Who can file?

Under the new Act, the definition of Family or Household member is added. This change in law is necessary because now limitations to availability of Protection Orders have been set to cases involving family or household members, which means:

  1. A person who is a current or former spouse
  2. A person who is dating or has dated
  3. A person who is engaged or was engaged in a sexual relationship
  4. A person who is related by blood or adoption
  5. A person who is related by marriage
  6. A person who has established legal relationship or previously established a legal relationship:
    1. as a guardian
    2. as a ward
    3. as a custodian
    4. as a foster parent; or
    5. in a capacity similar to those listed in clauses A-D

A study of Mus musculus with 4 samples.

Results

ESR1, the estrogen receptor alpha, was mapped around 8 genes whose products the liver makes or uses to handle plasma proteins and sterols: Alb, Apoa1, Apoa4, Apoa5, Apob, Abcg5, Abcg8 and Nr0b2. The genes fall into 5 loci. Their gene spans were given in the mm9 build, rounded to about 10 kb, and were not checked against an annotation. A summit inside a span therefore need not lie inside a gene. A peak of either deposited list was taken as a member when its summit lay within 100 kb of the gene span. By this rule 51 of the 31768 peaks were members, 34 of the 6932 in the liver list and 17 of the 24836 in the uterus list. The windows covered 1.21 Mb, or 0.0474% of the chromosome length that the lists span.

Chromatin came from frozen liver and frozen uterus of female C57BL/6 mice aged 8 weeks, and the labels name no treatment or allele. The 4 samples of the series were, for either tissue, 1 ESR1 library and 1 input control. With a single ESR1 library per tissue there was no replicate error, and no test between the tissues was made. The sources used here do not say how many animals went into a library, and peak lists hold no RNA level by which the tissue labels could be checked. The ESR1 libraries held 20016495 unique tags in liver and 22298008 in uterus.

7. A person who has a child in common and
  8. A minor child of a person in a relationship described above.

If you fit any of the descriptions described in the Family and Household Violence definitions, you may qualify for a Protection Order.

As stated previously, Federal Law mandates that no Protection Order for abuse shall require a filing fee.

How do I File?

If you have found yourself in the need of a Civil Protection Order and you are a resident of Newton County, you will need to go to the Newton County Circuit Court Clerks Office and fill out the paperwork necessary. You must have the physical address of the person who you are filing against. The Sheriff cannot serve the Protection Order without a good address. In most cases you and the person you have filed against will have to be heard before the judge in a Court Hearing. YOU MUST ATTEND THIS HEARING or the Protection Order can be dismissed.

If you have more questions or concerns, please contact the Newton County Clerk’s Office.